Favorite Study Abroad Memories – Rwanda and Tanzania (Post 3 in a series of 3)
While my last post focused on the difficulty of choosing a favorite memory (or short list of memories) from spending 5 and a half months abroad, I surprisingly have found myself also facing issues choosing a favorite memory from the Rwanda and Tanzania trip I developed and led for William Penn University this past March.
The Rwanda and Tanzania student trip was one that I worked on almost every day starting back in late September. Ranging from tasks such as advertisements of the trip to creating a class for the participants – there were definitely many ups and downs. To highlight the trip experiences, I have decided to share two memories – one from Rwanda and one from Tanzania.
The Rwanda portion was the emphasis of this trip – which served as William Penn University’s first study abroad program. For me, it was an enjoyable experience, as I found some foods similar to what I had gotten used to in South Africa. Of all of the experiences we had there, my favorite was of meeting the Student Government Association at INATEK in Kibungo.
The meeting between our student delegation and the student government leaders was awkward at the beginning – as the students at INATEK had become accustomed to speaking with non-native English speakers in their classroom settings. However, as I spoke more with the girl sitting next to me, and the boy sitting past her, I gained a better connection as a fellow student. We passed notes and shared small jokes and moments of understanding through talking about the difficulties of being a college student while trying to explore yourself as a person. I think that brief meeting encouraged the students of William Penn University to become more active in exploring avenues of student exchanges between William Penn University and INATEK.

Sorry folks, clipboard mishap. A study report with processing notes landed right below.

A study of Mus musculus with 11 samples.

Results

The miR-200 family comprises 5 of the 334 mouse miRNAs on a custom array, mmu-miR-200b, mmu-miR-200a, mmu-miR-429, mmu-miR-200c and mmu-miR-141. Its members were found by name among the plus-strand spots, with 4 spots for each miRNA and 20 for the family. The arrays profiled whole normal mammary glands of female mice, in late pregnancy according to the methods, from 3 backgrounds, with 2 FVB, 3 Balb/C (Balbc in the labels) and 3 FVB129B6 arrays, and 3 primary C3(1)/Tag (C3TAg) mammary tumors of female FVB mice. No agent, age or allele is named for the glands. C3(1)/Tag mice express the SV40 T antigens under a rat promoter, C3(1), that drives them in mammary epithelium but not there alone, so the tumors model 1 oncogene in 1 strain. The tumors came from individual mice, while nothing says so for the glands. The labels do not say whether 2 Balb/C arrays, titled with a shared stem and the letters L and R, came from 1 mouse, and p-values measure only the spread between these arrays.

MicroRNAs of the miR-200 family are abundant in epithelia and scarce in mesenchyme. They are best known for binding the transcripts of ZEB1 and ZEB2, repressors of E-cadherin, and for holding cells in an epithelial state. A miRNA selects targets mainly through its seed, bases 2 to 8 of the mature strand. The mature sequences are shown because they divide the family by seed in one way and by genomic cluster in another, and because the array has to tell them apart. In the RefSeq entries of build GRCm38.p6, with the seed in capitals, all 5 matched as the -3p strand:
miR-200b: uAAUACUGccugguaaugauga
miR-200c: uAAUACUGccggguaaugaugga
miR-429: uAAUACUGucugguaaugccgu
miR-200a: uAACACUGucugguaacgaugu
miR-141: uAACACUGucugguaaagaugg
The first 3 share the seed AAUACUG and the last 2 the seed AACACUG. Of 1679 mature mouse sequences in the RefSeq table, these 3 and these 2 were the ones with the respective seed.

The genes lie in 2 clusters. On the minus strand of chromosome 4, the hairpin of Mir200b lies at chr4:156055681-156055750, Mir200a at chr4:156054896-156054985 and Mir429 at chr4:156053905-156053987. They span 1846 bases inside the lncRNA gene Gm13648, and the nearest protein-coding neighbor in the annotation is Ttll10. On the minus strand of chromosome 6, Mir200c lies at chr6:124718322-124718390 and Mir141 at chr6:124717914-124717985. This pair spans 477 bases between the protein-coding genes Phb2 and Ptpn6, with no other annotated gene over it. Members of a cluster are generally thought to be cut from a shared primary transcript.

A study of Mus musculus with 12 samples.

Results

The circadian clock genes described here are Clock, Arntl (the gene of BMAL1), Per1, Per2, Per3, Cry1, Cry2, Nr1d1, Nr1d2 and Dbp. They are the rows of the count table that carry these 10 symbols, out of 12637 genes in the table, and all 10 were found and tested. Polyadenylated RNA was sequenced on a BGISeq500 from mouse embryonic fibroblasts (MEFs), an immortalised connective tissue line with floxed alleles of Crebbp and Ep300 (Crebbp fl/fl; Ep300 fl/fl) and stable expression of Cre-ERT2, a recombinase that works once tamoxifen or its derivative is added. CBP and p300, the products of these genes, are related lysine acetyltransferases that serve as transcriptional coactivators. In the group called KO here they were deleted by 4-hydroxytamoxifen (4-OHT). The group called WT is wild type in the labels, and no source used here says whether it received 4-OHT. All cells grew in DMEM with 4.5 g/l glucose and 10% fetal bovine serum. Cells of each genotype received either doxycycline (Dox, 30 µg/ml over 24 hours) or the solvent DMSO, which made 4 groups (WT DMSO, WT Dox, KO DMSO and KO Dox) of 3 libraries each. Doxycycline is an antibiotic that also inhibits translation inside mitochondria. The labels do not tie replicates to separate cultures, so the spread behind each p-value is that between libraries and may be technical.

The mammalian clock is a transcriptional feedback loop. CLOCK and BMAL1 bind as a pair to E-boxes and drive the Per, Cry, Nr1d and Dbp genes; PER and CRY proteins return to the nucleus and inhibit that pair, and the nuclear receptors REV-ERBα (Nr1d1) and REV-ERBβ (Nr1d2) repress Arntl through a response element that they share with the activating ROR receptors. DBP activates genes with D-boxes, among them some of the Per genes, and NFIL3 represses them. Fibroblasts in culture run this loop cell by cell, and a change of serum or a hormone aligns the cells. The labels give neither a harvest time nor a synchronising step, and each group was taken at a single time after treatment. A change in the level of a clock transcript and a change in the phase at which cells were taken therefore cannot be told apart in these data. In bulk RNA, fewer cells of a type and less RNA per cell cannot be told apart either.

My favorite memory from Tanzania was not a planned activity or outing – although I did enjoy the safari portion very much. Rather, it was during the last night on the trip and I was sitting at a table with my fellow student participants. Out of nowhere, I was given a card with laughing zebras on the cover and heartfelt messages from Robin, Roy, Matt, Linda, Melisa, and India – expressing their thanks for my hard work during the previous months and days. Even while I was able to finally get some souvenirs that I had been wanting to get for a few years, since my last trip to Africa, this card is one that I will cherish. Additionally, all the talks during the trip and the time around it which have shown the effect I have had on encouraging others to learn about other cultures and countries.
You gain different experiences and perspectives participating on a trip as a coordinator rather than an individual person there just to have fun. There is more stress and moments of worry – but there are also greater benefits from the trip, as you see how others have grown because of your work. I think that is what I gained most from the trip – although, I will always have the photos and my journal to remind me of the memories and day-to-day difficulties and moments of enjoyment that I had.